How to Invest in the Global Tobacco Industry

Investing in a Controversial and Compelling Industry


In this article, we will look at the global tobacco industry and whether or not international investors should consider it.

Market Dynamics

The tobacco industry has been contracting in many developed countries as governments impose onerous taxes and public education campaigns gain traction. In contrast, many frontier and emerging markets have experienced significant increases in the number of tobacco users due to the lack of high taxes and public awareness of the health risks. More than 80% of the world’s smokers now live in low- and middle-income countries.

The Asia-Pacific region has become the single largest consumer of tobacco, accounting for approximately 65% of the market in 2014. In fact, China National Tobacco Corporation – which is owned and operated by the Chinese government – is the single largest producer of cigarettes with approximately 44% of the global market. The state-owned enterprise sells just 1% of these cigarettes abroad, which illustrates just how big China’s market is alone.

Popular Companies

China National Tobacco Corporation is the largest producer of cigarettes in the world, but the company remains off-limits to most investors.

The second largest company in the space is Philip Morris International Inc. (NYSE: PMI), which is a publicly-traded American company with its headquarters in Switzerland.

With a 15% share of the global tobacco industry, it’s easily the most profitable tobacco company in the world after its separation from Altria Group (NYSE: MO) in 2008. PMI exclusively sells its products outside of the U.S., which also makes it a pure-play for international investors.

Britain houses the next two largest international tobacco companies, which are British American Tobacco (NYSE: BTI) and Imperial Tobacco Group (Private). British American Tobacco controls about 11% of the global cigarette industry, while Imperial Tobacco Group controls roughly 5% of the market. These groups are primarily targeting growth opportunities in Asia and Africa given the slowdown in developed markets like Britain.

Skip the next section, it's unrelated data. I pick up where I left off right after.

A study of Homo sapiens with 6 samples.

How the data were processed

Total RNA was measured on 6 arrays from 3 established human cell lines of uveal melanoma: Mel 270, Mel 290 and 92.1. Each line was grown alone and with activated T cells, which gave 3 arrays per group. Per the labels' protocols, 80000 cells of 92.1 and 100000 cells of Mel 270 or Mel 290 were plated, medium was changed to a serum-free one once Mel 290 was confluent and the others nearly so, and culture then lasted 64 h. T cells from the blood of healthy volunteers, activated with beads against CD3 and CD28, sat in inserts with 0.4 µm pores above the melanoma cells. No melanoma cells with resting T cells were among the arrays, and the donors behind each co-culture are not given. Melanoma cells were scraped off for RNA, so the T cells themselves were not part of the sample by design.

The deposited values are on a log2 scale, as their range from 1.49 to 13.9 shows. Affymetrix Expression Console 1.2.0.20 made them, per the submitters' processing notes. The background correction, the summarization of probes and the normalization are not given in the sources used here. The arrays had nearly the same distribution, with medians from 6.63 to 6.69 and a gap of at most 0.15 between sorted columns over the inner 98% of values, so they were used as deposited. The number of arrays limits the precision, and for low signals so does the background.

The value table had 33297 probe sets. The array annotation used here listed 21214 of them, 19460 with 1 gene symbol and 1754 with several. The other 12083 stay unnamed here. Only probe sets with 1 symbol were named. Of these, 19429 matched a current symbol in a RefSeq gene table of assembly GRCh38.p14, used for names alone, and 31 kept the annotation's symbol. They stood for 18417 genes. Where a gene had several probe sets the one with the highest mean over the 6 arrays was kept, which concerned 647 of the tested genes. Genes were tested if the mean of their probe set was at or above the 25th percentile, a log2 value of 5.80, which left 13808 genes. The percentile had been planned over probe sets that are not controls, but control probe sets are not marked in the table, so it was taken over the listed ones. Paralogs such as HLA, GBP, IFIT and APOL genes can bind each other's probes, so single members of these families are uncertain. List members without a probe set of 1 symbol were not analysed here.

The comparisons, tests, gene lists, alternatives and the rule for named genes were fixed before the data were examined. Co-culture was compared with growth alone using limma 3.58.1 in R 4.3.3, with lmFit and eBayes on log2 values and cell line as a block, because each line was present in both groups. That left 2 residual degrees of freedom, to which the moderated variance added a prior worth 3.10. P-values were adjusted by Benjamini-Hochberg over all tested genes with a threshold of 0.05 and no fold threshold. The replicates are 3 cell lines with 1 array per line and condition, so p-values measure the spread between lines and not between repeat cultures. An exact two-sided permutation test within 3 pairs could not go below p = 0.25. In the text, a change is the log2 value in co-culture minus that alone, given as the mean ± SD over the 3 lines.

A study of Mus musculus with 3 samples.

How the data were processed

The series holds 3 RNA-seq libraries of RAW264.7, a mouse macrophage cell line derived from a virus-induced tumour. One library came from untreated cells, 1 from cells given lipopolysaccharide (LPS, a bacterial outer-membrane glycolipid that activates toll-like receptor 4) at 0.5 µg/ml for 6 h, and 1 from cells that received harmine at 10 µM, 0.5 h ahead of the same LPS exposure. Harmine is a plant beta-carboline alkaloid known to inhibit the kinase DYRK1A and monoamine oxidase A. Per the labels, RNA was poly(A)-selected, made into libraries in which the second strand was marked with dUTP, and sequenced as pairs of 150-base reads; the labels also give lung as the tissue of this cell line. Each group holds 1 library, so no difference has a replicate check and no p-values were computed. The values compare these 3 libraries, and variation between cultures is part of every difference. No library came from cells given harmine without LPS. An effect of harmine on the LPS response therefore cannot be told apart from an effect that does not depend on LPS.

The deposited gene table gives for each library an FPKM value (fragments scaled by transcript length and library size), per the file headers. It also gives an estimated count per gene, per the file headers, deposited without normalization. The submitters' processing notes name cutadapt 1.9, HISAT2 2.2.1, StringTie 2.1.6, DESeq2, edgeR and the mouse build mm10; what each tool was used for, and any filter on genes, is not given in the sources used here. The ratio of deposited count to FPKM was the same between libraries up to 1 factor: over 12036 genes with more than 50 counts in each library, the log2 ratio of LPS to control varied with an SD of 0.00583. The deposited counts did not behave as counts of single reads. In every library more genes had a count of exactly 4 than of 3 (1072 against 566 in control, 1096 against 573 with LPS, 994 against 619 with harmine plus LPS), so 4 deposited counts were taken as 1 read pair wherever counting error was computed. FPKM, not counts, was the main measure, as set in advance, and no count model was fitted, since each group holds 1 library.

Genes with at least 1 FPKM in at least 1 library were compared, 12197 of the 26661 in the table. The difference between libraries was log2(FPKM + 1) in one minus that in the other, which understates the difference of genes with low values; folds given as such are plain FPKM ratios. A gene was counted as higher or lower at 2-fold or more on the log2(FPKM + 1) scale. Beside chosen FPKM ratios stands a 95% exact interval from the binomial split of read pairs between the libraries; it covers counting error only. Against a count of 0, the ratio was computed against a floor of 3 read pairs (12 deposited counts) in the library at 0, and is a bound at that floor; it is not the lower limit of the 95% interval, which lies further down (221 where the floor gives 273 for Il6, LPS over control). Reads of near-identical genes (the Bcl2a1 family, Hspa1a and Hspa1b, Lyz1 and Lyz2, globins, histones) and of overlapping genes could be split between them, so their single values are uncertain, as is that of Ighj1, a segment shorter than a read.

Finally, Japan Tobacco (OTC: JAPAF) is another large player in the global tobacco industry with a 9% share of the market, although a third of the company is controlled by the Japanese government. Unlike other companies in the space, many of the firm’s products can be found in the U.S. and developed markets, including Winston, Mild Seven, and Camel brands of cigarettes, as only a fraction of revenue comes from emerging markets.

Important Risks

The tobacco industry has a number of unique risks given the nature of its products.

Of course, regulatory risks are the largest risk factor, as demonstrated by the United States’ government’s actions taken on domestic tobacco companies. As the adverse health effects begin to manifest in Asia’s young population, it’s likely that governments will increasingly look to regulate the sale of tobacco through public awareness and increased taxes.

In the past, the tobacco industry has responded to the slowdown by raising prices since its pricing is highly elastic due to the addictive nature of its products. These dynamics explain why unit volumes are expected to grow less than 1% at the same time that profits are expected to expand by nearly 30% over the next five years. While the long-term trends are clear, the short-term could still be very lucrative for investors.

The Bottom Line

The global tobacco industry sold more than five trillion units during 2014 alone, as frontier and emerging markets continue to see greater demand.

International investors have many opportunities to invest in the industry, with many American Depositary Receipts (ADRs) trading on national exchanges like the NYSE rather than over-the-counter (OTC). While there are many risks facing the industry, it may still be lucrative given the industry’s pricing power.